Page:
Disasters can arrive without warning and can bring about effects that linger for a long time after the disaster period has passed. They arrive in varying shapes and sizes caused by both natural and man-made disruptions. Do you know what to do when a disaster hits your area and your business? Will your disaster recovery plan cover the repairs and the financial hit to your business’s bottom line? Are you prepared to keep your business running in the time of a disaster?
This is a topic many don’t think about until it’s too late and a disaster is upon them. Many businesses provide services and products to customers outside the disaster area, and with that our customers and employees depend on us to maintain a provisional plan for continuity even in the worst of conditions.
An Ounce of Preparedness
Being prepared may seem like a low priority to some companies given the pace of day-to-day business and the myriad demands put upon people and organizations, but disasters can hit anywhere and sometimes with very little to no warning. And when they do, the unprepared business can find itself in very big trouble. The Federal Emergency Management Agency (FEMA) estimates that 40 percent of businesses do not reopen after a disaster, with another 25 percent failing within one year post-disaster. They attribute this to businesses being grossly under-prepared and unaware of what options exist should they require assistance. Creating a disaster recovery plan includes many considerations with insurance and available public service being just two.
Sadly, many business owners don’t fully understand what is and what isn’t covered by their property insurance, another item that needs close consideration before disaster strikes. Properly insuring the value of your business, understanding the geography of where your business is located and if flood or earthquake coverage should be a supplemental policy with your current insurance coverage, are vital considerations. Another situation to think about is, what you’ll do should there be a long interruption with your day-to-day business. What will happen if you can’t “reopen your doors” in a timely manner? You need to plan against how the downtime of your business will disrupt incoming revenue and profits; many insurance carriers offer business suspension coverage and depending on your business, it can be a lifesaver for your organization.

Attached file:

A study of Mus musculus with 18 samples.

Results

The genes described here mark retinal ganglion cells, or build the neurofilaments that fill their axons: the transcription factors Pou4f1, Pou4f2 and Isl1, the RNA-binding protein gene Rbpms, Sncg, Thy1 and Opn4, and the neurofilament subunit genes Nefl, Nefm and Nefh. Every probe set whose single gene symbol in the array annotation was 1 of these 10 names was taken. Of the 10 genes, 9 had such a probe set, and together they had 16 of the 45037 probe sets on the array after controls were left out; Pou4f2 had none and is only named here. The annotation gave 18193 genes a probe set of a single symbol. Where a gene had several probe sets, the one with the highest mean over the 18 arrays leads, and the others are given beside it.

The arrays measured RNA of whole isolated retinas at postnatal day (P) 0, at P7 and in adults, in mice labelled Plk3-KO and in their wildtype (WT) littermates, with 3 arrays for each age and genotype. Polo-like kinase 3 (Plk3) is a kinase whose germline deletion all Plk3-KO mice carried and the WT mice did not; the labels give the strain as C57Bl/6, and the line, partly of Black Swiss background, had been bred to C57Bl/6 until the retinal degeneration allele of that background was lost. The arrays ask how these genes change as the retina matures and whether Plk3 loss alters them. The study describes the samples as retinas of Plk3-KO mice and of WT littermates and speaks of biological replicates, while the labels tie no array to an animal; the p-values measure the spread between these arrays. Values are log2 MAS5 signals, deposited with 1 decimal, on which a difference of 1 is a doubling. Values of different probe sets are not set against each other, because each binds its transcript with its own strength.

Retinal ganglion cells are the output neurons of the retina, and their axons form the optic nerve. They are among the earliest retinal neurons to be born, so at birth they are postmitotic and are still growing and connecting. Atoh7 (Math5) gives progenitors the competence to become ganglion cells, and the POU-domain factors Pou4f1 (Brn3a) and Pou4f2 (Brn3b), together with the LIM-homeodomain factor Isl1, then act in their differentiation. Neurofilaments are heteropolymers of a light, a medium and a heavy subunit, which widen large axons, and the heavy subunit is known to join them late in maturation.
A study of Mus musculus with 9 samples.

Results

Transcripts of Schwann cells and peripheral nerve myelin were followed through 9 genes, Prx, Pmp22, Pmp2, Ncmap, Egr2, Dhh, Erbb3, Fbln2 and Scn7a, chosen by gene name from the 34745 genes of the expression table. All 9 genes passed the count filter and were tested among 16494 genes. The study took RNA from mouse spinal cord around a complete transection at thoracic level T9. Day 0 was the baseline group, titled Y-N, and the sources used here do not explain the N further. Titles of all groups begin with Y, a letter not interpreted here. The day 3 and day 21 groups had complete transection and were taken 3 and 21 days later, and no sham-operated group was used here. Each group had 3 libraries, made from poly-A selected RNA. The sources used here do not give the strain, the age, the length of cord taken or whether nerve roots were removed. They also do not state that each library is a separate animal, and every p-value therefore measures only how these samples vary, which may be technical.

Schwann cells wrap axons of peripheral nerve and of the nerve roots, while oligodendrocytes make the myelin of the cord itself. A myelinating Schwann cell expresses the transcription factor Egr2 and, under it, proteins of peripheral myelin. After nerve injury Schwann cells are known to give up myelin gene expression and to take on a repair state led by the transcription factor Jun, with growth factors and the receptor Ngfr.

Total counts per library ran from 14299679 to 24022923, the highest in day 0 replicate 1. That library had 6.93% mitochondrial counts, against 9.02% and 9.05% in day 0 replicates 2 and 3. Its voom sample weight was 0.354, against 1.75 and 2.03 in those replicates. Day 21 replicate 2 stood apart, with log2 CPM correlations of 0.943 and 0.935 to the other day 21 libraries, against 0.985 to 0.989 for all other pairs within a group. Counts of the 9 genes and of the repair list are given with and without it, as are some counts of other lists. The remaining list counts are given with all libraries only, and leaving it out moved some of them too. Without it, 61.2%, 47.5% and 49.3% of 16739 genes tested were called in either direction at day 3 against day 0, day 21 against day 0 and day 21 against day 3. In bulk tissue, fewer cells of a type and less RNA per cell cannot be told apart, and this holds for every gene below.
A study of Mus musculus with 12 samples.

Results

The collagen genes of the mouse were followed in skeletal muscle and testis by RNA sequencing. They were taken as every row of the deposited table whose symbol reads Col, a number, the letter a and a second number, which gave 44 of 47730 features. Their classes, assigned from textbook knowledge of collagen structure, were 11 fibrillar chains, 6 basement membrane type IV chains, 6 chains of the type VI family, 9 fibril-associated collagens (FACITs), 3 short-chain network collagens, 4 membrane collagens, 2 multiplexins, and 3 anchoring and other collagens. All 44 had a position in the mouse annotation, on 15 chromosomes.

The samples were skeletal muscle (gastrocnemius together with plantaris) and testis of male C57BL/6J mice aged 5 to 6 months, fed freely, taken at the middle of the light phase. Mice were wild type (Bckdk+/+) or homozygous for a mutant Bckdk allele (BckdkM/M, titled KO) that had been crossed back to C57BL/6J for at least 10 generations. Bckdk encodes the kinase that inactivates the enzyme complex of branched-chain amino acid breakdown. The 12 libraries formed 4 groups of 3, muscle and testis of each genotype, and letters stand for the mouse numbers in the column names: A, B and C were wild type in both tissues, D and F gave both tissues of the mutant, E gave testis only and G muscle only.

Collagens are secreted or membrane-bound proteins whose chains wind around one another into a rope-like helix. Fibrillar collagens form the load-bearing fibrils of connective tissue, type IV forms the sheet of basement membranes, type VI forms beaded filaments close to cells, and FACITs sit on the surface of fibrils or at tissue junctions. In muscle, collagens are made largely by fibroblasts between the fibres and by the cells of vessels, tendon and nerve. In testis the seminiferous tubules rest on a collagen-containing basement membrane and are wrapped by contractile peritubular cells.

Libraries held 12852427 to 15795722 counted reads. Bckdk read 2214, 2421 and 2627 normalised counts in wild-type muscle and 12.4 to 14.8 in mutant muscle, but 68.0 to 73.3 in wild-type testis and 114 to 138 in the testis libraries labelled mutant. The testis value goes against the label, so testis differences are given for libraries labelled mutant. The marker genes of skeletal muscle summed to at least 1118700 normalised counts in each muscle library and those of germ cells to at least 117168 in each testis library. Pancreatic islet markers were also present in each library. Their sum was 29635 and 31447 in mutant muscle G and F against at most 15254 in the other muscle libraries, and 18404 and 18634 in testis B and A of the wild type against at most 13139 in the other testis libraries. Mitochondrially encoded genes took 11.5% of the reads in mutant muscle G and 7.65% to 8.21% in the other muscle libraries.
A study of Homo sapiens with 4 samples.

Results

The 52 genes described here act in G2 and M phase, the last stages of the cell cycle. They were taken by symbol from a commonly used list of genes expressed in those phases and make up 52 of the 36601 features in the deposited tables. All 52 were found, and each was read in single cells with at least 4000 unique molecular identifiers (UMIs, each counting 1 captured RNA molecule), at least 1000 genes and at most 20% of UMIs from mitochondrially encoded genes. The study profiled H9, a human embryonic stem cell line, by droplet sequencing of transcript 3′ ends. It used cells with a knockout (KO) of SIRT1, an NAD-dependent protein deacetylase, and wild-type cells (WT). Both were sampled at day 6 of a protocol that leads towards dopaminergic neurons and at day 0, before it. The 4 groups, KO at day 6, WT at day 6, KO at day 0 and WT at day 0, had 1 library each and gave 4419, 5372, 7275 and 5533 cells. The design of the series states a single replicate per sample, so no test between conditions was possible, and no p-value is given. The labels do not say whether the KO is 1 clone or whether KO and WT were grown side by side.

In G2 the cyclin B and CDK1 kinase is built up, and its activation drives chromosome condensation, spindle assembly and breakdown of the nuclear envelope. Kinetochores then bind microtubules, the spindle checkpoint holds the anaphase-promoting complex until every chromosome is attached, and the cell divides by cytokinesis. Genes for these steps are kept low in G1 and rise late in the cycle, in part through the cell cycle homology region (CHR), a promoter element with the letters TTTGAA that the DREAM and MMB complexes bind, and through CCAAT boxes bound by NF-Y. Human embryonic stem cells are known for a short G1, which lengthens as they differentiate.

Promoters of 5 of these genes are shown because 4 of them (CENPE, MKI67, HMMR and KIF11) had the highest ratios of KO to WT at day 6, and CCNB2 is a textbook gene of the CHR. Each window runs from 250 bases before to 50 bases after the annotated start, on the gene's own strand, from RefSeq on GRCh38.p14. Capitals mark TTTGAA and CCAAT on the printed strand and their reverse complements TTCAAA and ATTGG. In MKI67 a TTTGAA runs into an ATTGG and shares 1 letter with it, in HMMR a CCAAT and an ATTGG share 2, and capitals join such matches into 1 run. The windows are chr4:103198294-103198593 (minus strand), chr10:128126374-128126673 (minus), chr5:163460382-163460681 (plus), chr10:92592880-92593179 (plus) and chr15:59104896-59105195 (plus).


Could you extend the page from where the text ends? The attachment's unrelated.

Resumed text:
For the small business owner who is not properly insured, the Small Business Administration offers low-interest loans. For some owners, this may be a necessary option for re-establishing their business, especially if the business is not insured optimally.
Also, you need to consider your employees and how the disaster will affect them. If your business location is uninhabitable, they will be out wages and work. A supplemental policy called wage replacement insurance can be included in your policy if your business suspension coverage doesn’t already address covering employee wages.
There are guides and best practices, established by many reputable organizations, which can help pull together the information you need to be ready in the event of a disaster.
What to Consider
Depending on your business, some things to consider can be:
Though many businesses will not reopen, there are survival stories. Re-establishing your business after the onslaught of a disaster will not be easy, but it is doable if you plan ahead with a recovery strategy. There may be a lot of work in the recovery process or a little… either way, the devastation, regardless of how minimal, will impact your business to some extent. Of course, being proactive with a disaster recovery plan upfront will give you the peace of mind you need during a stressful situation and allow you to focus on getting back to business as usual.